SunPower Corporation (NASDAQ:SPWR) makes a nice solar panel, but like the rest of the sector, it has been hit hard by the oil slump, the slow withdrawal of subsidies and a new administration that prefers fossil fuels.
It was due to report earnings after trading May 9, with investors expecting a loss of 66 cents per share on $391 million in revenue. That would be close to the revenue mark of a year ago, $384.44 million, and only slightly worse on the earnings side, where it lost 62 cents for the same quarter in 2016.
Since Total SA (ADR) (NYSE:TOT), the French oil giant, bought a majority stake in SunPower, back in 2011, for $1.3 billion, at a time when both the solar and oil booms were well underway, it has lost two thirds of that money, while the value of its own shares have declined about 7%.
Before the report options traders indicated the stock could see a 14% move upward on strong earnings.
We Have a Winner! (Sort of)
The numbers looked good, if you like smaller losses.
The company said it lost 36 cents per share on revenue of $399 million, beat the bottom line estimates by 26 cents per share and the top line estimates by about $15 million.
The company also delivered numbers, going back two years, which seemed to blame the cost of above-market polysilicon for the loss. That cost came in at $29.8 million. The stock was halted pending the completion of the company’s conference call. The results of that call, a negative view of the company’s business over the rest of the year, seemed set to send the shares back down.
SunPower’s production cells achieve 24.1% efficiency with a copper backplate that absorb the maximum amount of power, and resist corrosion.
During the quarter, SunPower signed a joint venture with an existing Chinese partner and Tianjin Zhonghuan Semiconductor Co. Ltd. that could produce up to 5 GWatts of power per year in Yixing, China, west of Shanghai, which remains a fast-growing market due to the country’s notorious air pollution.
Cogenra, which supplies the technology being used in the new panels, was in the news last year for suing SolarCity, now part of Tesla Inc (NASDAQ:TSLA), over the technology used in SolarCity’s coming solar shingles.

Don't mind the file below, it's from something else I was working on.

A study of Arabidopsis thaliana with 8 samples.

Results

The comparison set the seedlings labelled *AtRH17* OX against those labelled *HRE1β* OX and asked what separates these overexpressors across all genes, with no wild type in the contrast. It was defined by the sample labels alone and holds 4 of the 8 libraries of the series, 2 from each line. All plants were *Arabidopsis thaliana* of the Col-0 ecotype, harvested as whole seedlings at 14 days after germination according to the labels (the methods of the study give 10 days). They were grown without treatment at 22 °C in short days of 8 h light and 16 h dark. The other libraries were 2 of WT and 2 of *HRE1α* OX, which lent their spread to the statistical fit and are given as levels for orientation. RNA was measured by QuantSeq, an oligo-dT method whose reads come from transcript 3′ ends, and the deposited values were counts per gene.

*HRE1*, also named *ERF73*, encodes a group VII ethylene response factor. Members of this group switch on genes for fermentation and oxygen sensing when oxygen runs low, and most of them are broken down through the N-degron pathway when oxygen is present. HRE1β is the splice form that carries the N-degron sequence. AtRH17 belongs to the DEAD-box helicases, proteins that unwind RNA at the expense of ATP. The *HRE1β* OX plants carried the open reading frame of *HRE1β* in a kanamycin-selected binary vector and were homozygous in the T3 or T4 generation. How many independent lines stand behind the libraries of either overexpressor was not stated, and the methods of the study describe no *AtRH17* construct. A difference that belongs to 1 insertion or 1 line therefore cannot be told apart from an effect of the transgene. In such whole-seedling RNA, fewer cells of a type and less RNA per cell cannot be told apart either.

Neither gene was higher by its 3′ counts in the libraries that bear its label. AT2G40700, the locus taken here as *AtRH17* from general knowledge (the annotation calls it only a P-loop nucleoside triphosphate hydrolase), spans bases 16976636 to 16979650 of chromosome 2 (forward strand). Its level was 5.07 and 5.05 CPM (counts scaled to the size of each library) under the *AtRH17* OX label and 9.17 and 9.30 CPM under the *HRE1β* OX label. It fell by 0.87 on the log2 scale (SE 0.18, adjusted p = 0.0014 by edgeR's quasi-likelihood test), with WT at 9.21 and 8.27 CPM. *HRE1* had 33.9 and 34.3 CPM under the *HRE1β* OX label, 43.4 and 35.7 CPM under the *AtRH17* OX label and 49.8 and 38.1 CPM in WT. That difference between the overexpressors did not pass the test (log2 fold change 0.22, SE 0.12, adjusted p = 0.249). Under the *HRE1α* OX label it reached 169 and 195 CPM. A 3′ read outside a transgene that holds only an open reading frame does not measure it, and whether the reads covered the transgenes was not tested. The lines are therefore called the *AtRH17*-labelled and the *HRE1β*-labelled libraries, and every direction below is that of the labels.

Total Vote of Confidence in SunPower
Publicly, Total continues to stand behind SPWR stock, with plans to create 5,000 “solar gas stations,” which just means SunPower panels will provide the electricity needed to run Total’s gasoline stations. Total noted in its release that U.S. production of solar power tripled in four years, to 255 Gwatts, while the price of panels has been cut 70%.
That’s a good summation of the industry’s problems. It continues to meet its own goals for increasing production and cutting costs, but the oil bust has turned most of the fossil fuel industry into a competitor, with oil and gas prices cut in half and the infrastructure needed for it to get to market already installed.
The Bottom Line for SPWR Stock
The irony here is that the solar industry is currently as much a hostage to oil prices as the oil industry itself. The failure of oil to break $50 per barrel, and stay above that figure, means that the premium solar was expecting has not materialized.
That won’t happen soon, either. West Texas Intermediate oil closed at $46.24 on May 9, down nearly 14% from the start of the year, despite OPEC’s efforts to reduce production.
Solar, in short, is suffering from its own success. The energy glut continues, and solar stocks remain in the doldrums.
Dana Blankenhorn is a financial and technology journalist. He is the author of the political polemic Saving Trumpistan, Restoring Democracy, available now at the Amazon Kindle store. Write him at firstname.lastname@example.org or follow him on Twitter at @danablankenhorn. As of this writing he owned no shares in companies mentioned in this story.